Boycott everything


* EMBO reports (2009) 10, 1183
* doi:10.1038/embor.2009.228

Howy Jacobs

The renewed calls for an academic boycott of Israel (see the Opinion article by Steven Rose in this issue) raise the fundamental question of whether and how this sanction should be applied.

Boycotts can be effective when the target is appropriate, when the case is clear-cut, when the boycotters represent a substantive constituency, and when other means of redress are not available. A recent example of an effective boycott at the community level concerns a pub in Australia that unwisely opened its doors to occasional shows by neo-Nazi bands. The resulting boycott of the venue by aficionados of the alternative music scene in Melbourne was a main factor in the pub’s eventual closure in 2008. However, a campaign aimed at a worldwide boycott of Australian wines would have had no such effect. Its impact on an inappropriate target—Australian wine producers—would probably have been miniscule, and its effect on the real target—the miscreant pub manager who just happened to serve Australian wine—would have been zero.

During the Vietnam War, the USA dropped millions of tons of explosives and chemical weapons on the countries of Indochina, and Americans in uniform committed well-documented atrocities. Remarkably, despite substantial international protest and internal US opposition, which eventually forced an end to the war, no high-placed US official has ever been indicted for war crimes. Would an academic boycott of America have forced more drastic action to end the war? Would it have restrained the carpet-bombing of Cambodia? Would denying American plant biologists the right to publish their findings or to participate in international congresses have brought an early halt to the military use of the synthetic auxin Agent Orange? Perhaps such a boycott could have been targeted more specifically at silencing Arthur Galston, the Yale professor who discovered its defoliant properties. Alas, this wouldn’t have been much use either; Galston was appalled by the use to which his findings were put, and was a vociferous opponent of the war. In fact, he visited Vietnam several times during the war to witness the devastation for himself. Silencing him would just have got Nixon off the hook.

The failed Soviet occupation of Afghanistan was, by all accounts, far more brutal than anything the Israelis have perpetrated in Gaza. But was the disintegration of the USSR and its European empire brought about by Western academics refusing to cooperate with or contact their Soviet counterparts? Would the collapse of the Berlin Wall have been hastened had I declined the invitation from Moscow State University in 1988 to give a seminar about mitochondrial DNA replication?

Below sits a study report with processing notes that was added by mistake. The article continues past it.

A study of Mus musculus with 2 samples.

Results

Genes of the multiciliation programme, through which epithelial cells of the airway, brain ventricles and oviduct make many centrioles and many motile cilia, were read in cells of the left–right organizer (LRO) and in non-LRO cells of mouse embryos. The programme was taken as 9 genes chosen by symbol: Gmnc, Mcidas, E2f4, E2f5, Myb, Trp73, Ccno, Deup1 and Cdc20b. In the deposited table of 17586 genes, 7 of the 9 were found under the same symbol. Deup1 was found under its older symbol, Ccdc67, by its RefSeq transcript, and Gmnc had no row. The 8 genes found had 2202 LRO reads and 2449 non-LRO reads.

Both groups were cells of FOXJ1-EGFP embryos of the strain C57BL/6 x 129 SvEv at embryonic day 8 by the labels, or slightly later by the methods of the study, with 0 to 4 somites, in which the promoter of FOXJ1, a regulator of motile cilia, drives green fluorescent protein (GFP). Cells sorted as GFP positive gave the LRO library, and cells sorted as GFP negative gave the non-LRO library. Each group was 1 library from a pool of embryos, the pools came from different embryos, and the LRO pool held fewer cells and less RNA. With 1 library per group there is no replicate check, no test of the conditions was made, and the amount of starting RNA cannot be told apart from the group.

We all applauded those scientists in the Soviet Union, most notably Academician Sakharov, who spoke out about the iniquities of the Communist system and its long history of oppression. But it was the regime itself that instituted the biggest academic boycott, by preventing all contact between Sakharov and foreign physicists during the six years of his internal exile (1980–1986) in Gorky (now Nizhny Novgorod). During this time he was allowed to discuss particle physics only with his paediatrician wife.

The international campaign for his rehabilitation and freedom was, in my opinion, an example of a legitimate boycott. The target of the campaign was a state action against a scientist. For Western physicists to have maintained normal contact with their Soviet counterparts, at a time when the USSR’s most brilliant scientist was effectively locked up in a small apartment in the middle of nowhere, would have been obviously inappropriate. The interventions of the US National Academy of Sciences might, indeed, have saved Sakharov’s life. Whether they were instrumental in his spectacular restoration in 1986 is more questionable, although his symbolic prominence was certainly used by Gorbachev in his final, desperate attempts to reform and save the Soviet system.

A less successful academic boycott was that of the 1998 International Congress of Genetics in Beijing by the UK Genetics Society, in protest at the Chinese Maternal and Infant Health Law that was held to be eugenic in intent and practice. The boycott was barely visible, and a bioethics session at the congress stridently repudiated its chief premise. The law is still in place and most Chinese scientists, clinicians and citizens are actively implementing it. An ineffectual boycott can make the boycotter look foolish and might even harm his cause.

As Sakharov himself wrote in his Nobel Lecture (1975): “we should not minimize our sacred endeavours in this world, where, like faint glimmers in the dark, we have emerged for a moment from the nothingness of dark unconsciousness into material existence.” Taking this as our guiding principle, boycotting fellow scientists is something to be used only in extreme circumstances, to protect, rather than thwart, the quest for knowledge and human dignity.

At this point in time, Israel’s scientists have not been harassed by the state, even though many of them have raised brave voices of criticism against their own government. Like all other countries, Israel is subject to international law. Any accusations of illegal conduct in war can and should be dealt with under the jurisdiction of the International Criminal Court or equivalent bodies set up by the world community. In extremis, enforcement of its decisions, as well as dealing more generally with any state that threatens peace and security, is a matter for the UN Security Council. It seems to me that an academic boycott is completely irrelevant in such circumstances.